Here it is Folks...Virginia Tech To Conduct Official HOS Studyby Jana Ritter - Published: 2/06/2015
The Virginia Tech Transportation Institute is set to begin the congressionally mandated study of truck driver hours of service rules, specifically focusing on the highly controversial and recently suspended restart provisions. This is will be the official study that the government will use in determining whether those restart rules should be tossed or reinstated, or whether new regulations should be developed to more effectively reduce driver fatigue.
“We have assembled a world-class team to lead this landmark study mandated by Congress. We have an opportunity to perform ground-breaking research that will have impact for decades to come,” said Richard Hanowski, director of Virginia Tech’s Truck and Bus Safety Center.
The Virginia Tech study will track and compare truck driver fatigue and safety performance levels one set of drivers that takes two nighttime rest periods during their restarts, and another group that takes less than two nighttime rest periods. The study will then compare the work schedules of both driver groups, assessing crashes, near-crashes, crash-relevant conflicts, operator fatigue and alertness. The study will also track driver road-time and resting/sleeping statuses with electronic logging devices, and will measure and code fatigue levels of drivers using high-tech wristwatches. The drivers will be recruited from both small and large companies, including long haul, regional and short-haul operators.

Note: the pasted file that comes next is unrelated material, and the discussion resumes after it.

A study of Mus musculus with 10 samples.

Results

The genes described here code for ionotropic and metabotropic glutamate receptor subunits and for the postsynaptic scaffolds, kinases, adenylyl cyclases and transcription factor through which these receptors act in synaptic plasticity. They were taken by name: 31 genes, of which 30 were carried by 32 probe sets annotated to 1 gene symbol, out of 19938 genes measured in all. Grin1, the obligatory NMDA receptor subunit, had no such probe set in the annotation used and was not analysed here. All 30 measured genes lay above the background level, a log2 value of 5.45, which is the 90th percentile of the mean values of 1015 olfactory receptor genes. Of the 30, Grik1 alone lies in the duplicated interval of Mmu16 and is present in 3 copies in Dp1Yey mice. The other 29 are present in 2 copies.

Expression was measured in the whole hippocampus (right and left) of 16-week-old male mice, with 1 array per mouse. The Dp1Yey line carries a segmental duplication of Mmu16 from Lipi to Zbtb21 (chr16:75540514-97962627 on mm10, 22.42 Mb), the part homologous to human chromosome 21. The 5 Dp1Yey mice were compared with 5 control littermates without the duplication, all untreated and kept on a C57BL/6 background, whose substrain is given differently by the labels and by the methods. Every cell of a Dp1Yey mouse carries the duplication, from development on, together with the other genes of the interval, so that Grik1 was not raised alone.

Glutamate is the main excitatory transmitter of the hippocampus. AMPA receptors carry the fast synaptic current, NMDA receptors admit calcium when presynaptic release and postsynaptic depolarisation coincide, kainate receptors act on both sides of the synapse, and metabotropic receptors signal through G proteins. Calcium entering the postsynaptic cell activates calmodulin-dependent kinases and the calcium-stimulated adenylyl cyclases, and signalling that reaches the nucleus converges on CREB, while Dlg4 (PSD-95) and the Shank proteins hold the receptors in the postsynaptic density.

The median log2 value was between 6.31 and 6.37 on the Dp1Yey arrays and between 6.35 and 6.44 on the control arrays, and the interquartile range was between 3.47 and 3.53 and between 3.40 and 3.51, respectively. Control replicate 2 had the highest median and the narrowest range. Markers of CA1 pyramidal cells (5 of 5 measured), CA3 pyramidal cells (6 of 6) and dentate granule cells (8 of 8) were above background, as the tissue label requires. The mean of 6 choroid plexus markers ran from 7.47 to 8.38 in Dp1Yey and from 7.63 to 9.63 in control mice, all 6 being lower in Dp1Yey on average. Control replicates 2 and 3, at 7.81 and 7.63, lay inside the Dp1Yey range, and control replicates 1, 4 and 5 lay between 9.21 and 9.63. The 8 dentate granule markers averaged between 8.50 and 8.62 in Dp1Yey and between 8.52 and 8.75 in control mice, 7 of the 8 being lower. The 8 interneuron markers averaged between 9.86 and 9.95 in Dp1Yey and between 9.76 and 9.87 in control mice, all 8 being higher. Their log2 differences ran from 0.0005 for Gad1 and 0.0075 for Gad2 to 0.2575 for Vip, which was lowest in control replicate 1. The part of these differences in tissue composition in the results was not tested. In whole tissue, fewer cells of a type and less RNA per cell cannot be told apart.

This will be the largest study of its kind ever performed using commercial vehicle drivers,” Hanowski said.
Since 2004, the trucker HOS rules have permitted 11 hours of driving and three hours of non-driving on-duty time per day. Then in July of 2013, the Federal Motor Carrier Administration installed the latest version of the HOS rules requiring drivers to include two consecutive 1 a.m. to 5 a.m. periods in any restart, as well as limiting their use of the restart to once within 168 hours or seven days. The new rules have only sparked feuds between the industry, government and safety advocate groups.
Most truck drivers argue the new rules are simply not in alignment with the reality of their job and only make it more difficult. For many of who drive at night and get off duty in the early morning hours, to take a restart in just 34 hours means spending 52 hours off-duty. The American Trucking Associations have also argued that the 2013 provisions weren’t based on sound research and only created more safety risks by putting drivers on the roads during heavy traffic morning rush hours. Carriers and shippers have also complained that the new rules have compromised productivity and raised their costs. Most importantly, drivers have complained that they’ve been personally affected with fewer miles, less flexible schedules and less pay.
The good news in all of this is that Congress finally listened and suspended the 2013 restart changes in December 2014 and ordered the $4 million study to be completed by the end of the fiscal year, which is September 30th.
Do you think this study will be effective enough to truly determine the reality of doing your job?